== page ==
Novice Bryan Cuocci, O.S.B.M.


Novice Bryan Cuocci, O.S.B.M.

I first felt the call of the Lord to follow him more intimately at the age of 10. At that time I participated enthusiastically in the various religious activities of my parish. As I grew older, I did volunteer work at a nearby orphanage and got involved in children’s catechesis. I was also a member of the Catholic Youth Action. The Lord’s call became clearer to me when I was 15, at World Youth Day 2000 in Rome with Pope John Paul II, when I heard interiorly with a soft and irresistible voice the “come, follow me” of the Lord. God called me to be His ‘sentinel of the dawn’. Moved by immense joy I responded, “Here I am, Lord, may your holy will be done in me!”  The One and Triune God had captured me with His love.

From that time on I understood that God had chosen me to consecrate myself totally to Him. I did not yet understand, however, where He was calling me to live this vocation. And I did not know how I was going to communicate this choice to my family, who, though devout and practicing Catholics, had other plans for my future.

For about four years, I prayed for discernment to understand where the Lord wanted me to live the religious vocation to which he was calling me. I always remained open to others, and always had the desire to work with others. But I desired above all to pray and to be in the constant presence of God. At first I never thought of my vocation to be a monastic one. But truly, our thoughts are not His thoughts, nor our plans His plans.

Gradually, I understood the basic points of my vocation to be the life of prayer, community life, faithful witness of the gospel, devotion to the Blessed Mother of God, and the religious habit as a sign of my special consecration to God. That which touched me most was the biblical example of the “narrow gate” and the words from the gospel, “You are the salt of the earth and the light of the world . . . freely you have received, gratuitously you give.” These words gave me the courage and the strength to offer myself to God in a radically evangelical life without reserve. Surely there were always problems, but the Lord sustained me always by his grace.

During my philosophical studies at the Pontifical Gregorian University in Rome, I met the Basilian monks of the Exarchic Greek Abbey of St. Mary of Grottaferrata. This is an ancient Catholic Monastic Order of Oriental rite and traditions that has ecumenical dialogue as its specific mission within the Church. The monks live and pray to bring about Jesus’ ardent prayer to the Father at the Last Supper “so that they all may be one” and the words of St. Paul, “so that God may be All in all.” In fact, the Byzantine rite is a great help for the Orthodox brethren to draw closer to the Catholic Church, and the Latin Catholics to approach more easily to the Oriental Christianity.

Immediately I was touched by the monks’ lifestyle, marked by prayer. I was particularly struck by the spirituality of Saint Basil the Great and the Byzantine tradition. I was also captivated by their interesting activities, their profound and joyful fidelity to the monastic life, their fraternal life, and their openness to life in Christ. In short, my contact with the monks was a spark of light that ignited in me great happiness and serenity. I finally understood that it was here that God was calling me. “You have called me? Here I am, Lord, I come to do your will: You are my highest Good forever!”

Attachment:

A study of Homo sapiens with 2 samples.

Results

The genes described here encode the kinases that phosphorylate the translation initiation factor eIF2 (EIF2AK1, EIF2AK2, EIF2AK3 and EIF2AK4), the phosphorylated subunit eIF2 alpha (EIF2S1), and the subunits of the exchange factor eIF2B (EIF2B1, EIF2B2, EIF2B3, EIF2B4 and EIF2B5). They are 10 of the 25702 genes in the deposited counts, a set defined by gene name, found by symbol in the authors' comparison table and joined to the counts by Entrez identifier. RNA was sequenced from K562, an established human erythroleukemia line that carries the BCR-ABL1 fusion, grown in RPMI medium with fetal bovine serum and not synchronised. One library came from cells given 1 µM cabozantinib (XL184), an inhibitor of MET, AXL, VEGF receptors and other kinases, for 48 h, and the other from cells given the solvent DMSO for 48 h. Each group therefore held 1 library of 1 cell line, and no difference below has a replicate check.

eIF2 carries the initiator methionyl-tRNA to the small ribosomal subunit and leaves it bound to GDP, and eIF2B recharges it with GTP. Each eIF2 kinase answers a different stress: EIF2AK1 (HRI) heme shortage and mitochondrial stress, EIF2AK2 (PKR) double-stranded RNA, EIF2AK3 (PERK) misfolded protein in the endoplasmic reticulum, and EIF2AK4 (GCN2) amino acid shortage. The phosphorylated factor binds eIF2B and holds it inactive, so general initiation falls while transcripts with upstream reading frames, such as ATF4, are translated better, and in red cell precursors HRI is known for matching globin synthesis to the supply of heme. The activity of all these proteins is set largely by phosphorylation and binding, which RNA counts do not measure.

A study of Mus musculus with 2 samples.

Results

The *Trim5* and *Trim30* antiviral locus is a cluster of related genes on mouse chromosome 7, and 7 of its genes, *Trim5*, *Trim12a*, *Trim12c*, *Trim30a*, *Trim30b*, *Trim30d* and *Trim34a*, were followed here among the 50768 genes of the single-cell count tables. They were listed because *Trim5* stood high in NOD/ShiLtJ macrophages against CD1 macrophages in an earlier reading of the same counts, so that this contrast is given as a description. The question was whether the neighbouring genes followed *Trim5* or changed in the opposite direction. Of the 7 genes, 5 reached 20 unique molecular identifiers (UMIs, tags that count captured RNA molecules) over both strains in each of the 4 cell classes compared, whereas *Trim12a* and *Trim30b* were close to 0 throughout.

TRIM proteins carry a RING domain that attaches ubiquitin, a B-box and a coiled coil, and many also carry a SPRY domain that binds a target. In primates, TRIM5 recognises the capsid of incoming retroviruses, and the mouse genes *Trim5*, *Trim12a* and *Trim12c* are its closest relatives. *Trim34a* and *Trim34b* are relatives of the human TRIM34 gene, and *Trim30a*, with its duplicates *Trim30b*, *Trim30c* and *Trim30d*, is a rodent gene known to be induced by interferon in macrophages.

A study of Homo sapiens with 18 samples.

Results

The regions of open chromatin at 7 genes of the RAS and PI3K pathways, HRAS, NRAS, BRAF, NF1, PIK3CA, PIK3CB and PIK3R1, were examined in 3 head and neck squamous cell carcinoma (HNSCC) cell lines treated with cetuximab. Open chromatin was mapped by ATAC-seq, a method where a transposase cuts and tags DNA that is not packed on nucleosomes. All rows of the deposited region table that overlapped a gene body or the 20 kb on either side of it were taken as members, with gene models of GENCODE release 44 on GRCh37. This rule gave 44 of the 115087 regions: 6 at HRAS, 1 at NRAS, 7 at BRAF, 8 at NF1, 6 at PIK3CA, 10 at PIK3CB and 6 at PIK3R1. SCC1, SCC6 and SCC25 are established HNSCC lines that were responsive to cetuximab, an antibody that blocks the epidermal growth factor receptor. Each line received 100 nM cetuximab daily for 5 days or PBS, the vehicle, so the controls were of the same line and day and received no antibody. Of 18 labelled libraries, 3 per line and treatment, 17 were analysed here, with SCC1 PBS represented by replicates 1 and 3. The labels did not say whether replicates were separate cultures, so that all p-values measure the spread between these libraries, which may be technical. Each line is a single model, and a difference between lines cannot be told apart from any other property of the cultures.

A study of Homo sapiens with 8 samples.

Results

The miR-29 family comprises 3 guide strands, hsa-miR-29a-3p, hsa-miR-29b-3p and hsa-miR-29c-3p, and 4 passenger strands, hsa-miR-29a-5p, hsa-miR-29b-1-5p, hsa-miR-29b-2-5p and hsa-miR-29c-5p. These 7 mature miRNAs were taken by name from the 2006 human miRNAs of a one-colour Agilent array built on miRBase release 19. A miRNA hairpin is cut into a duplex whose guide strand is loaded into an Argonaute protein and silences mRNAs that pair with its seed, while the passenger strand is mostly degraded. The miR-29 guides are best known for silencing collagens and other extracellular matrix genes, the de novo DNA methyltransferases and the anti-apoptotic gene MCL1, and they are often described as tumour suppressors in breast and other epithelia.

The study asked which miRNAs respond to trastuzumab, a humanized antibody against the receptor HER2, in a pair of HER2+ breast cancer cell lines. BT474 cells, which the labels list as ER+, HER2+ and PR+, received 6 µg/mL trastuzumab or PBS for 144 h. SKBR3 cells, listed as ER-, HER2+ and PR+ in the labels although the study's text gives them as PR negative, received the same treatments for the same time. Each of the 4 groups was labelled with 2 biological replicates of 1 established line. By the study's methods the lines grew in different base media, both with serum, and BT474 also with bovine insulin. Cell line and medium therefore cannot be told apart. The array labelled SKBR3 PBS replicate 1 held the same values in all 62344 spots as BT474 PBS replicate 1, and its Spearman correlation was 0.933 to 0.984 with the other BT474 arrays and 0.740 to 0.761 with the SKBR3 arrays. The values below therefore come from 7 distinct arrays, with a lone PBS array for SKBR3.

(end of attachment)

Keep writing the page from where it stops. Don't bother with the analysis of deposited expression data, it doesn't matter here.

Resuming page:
After an experience of about 20 days in the monastery, I entered as a postulant in August of 2005. On June 28, 2006, during the feast of the Apostle Saints Peter and Paul, I made the monastic investiture and then entered into the novitiate. The first year of novitiate was a year of abundant graces. Guided and accompanied by the novice master Fr. Antonio, I began to deepen my relationship with God. I studied the monastic Typikòn (our Holy Rule), the Byzantine liturgy, the Greek liturgical language, the writings of Saint Basil the Great, the ascetic life, and the spirituality of the holy fathers and the Holy Scriptures. I have served in our laboratory for the restoration of ancient books and in our infirmary, serving the sick in the community. I am presently a second year novice and God willing, I will make my solemn vows next year. As part of the ascetic-monastic formation, I am studying theology at the Pontifical Gregorian University and at the same time doing diverse duties in our community.

The monastic life is a mystical experience which someone enters only through God’s invitation. The solemn vows are evidence. But it is an invitation that requires our attention. Yes, because the Lord Jesus calls many, but some people do not listen, do not realize that their names are uttered by the lips of God. My invitation to all youth like me is this: If you feel this attraction towards God, don’t put off the flame of Love that the Creator has ignited in you. Respond generously and readily and you will never regret it! God is love! 

I belong to: The Exarchic Greek Abbey of St. Mary of Grottaferrata. For more information about the Basilian Monks, contact Father Antonio Costanza, O.S.B.M. at 0039-06.9459309 or write to: Basilian Monks—Exarchic Greek Abbey of St. Mary, Corso del Popolo 128, I-00046 Grottaferrata (Rome) Italy. E-mail: segreteria@abbaziagreca.it


Reprinted with permission from PrepareTheWord.com. ©TrueQuest Communications.